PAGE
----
It never goes away

It feels like your mouth is stuffed with cotton.  Like your body is literally petrified.  Like every cell in your body is screaming but no sound comes out.  Like you’re frozen in time.

The number one priority is to run but you can’t move at all.  You’re trying to break through this barrier to get to the other side — whether the other side be the awake world or just simply free of the weight of anticipating the violent impact.  Your mind frantically puts all of your willpower towards escaping.  It’s like you’re pulling on a thread, waiting for that magical moment when it finally snaps and breaks.

Scream.  Fight.  Repeat.

And then the tension breaks.  The screams finally escape but they’re not as loud as you think they would be.  The tears and the uncontrollable shaking starts.  Am I safe?  Do I have to keep running?  Where am I?  What’s in the shadows?  Was it real?  Maybe?  No.  No, it’s not real.  Am I hurt?  Not physically, just emotionally.  It was just a dream.


I have post traumatic stress disorder (PTSD), and it never goes away.  I’ve had it for years.  I’ve been to years of therapy, and I have gotten it to a point where it is manageable in my life.  Apparently, that is the acceptable outcome for such severe PTSD — making it manageable is the best outcome.  I still have an exaggerated startle response.  I still have difficultly staying asleep (although, I really can’t complain because it’s much better than what it was before where I couldn’t really sleep at all).  I still am hyper-vigilant.  I can tell you where each of the exits are in a room and what’s the best place to hide if need be.  I hate it.

My insanely good memory feels like it has gone to hell.  Who wants to remember the excruciatingly painful moments of the worst times of your life?  Sometimes it’s a page in a book that transports me back to the time where I first read that page and the bad memories around it.  Sometimes it’s a scent.  Sometimes it’s a particular time on the clock.  It is like an instant time machine to the past, and I often have a hard time staying grounded in my current surroundings.  I feel like I’m in this terrifying, isolated bubble and my mind is switching off when I need it the most.  There are tricks that are supposed to help you, but it sometimes feels like they lose their efficacy over time.  Fortunately, these occurrences seem to be more sparse in my life as a counterbalance.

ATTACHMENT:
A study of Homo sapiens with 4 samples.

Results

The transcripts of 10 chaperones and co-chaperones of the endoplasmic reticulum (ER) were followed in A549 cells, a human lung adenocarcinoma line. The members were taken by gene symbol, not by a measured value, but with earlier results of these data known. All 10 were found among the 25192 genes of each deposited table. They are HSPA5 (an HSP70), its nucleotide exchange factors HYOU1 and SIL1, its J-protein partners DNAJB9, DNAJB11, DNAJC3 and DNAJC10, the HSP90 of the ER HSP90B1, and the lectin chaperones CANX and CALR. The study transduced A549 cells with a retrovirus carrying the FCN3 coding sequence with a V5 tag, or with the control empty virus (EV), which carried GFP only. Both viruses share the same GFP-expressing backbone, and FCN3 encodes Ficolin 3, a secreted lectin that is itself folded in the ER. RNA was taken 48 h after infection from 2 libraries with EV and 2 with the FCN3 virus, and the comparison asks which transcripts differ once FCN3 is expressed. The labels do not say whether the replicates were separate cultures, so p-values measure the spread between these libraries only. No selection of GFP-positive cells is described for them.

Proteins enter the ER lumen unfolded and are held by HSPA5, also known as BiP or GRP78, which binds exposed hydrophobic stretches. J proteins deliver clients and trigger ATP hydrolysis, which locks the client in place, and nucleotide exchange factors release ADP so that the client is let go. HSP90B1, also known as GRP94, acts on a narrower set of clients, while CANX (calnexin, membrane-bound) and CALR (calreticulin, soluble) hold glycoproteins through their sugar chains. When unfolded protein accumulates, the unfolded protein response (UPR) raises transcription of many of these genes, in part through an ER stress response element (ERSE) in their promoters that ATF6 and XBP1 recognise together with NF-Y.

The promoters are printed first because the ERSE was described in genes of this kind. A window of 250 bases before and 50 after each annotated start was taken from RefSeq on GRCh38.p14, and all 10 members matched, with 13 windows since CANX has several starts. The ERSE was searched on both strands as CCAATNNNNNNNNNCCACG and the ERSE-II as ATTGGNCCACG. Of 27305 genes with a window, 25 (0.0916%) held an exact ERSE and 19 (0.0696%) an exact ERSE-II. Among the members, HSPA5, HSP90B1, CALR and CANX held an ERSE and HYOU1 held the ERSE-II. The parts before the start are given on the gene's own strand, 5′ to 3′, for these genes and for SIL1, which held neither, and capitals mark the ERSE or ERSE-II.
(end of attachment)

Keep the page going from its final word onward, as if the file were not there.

For the most part, I try to avoid most of my triggers – violence, uncontrollable anger, and loud noises.  I generally avoid most violent television and movies, but it is insanely hard to do so because violence permeates the media.  Buffy is right under my cutoff line for violence.  Doctor Who flirts with it.  Most mainstream superhero movies are under the line, but the recent slew of Batman movies have been far over the line.  It always shocks me how most people are so desensitized to violence in the media.

Every time I have a nightmare, I think, “When will this insanity stop?”  I am fortunate that I’ve gotten to the point where I assure myself that this nightmare was the last nightmare, and I shouldn’t dread going back to sleep for the rest of the night.  It’s getting easier and easier to be optimistic instead of falling into anger that my life is like this.  People who just meet me don’t know that anything is wrong — that reminds me that I’m not broken.  People who have known me for much longer can see that I’m progressing and dealing with it better and opening up more — that reminds me that I’m a fighter.

And that’s what matters the most — I didn’t let PTSD overtake my life.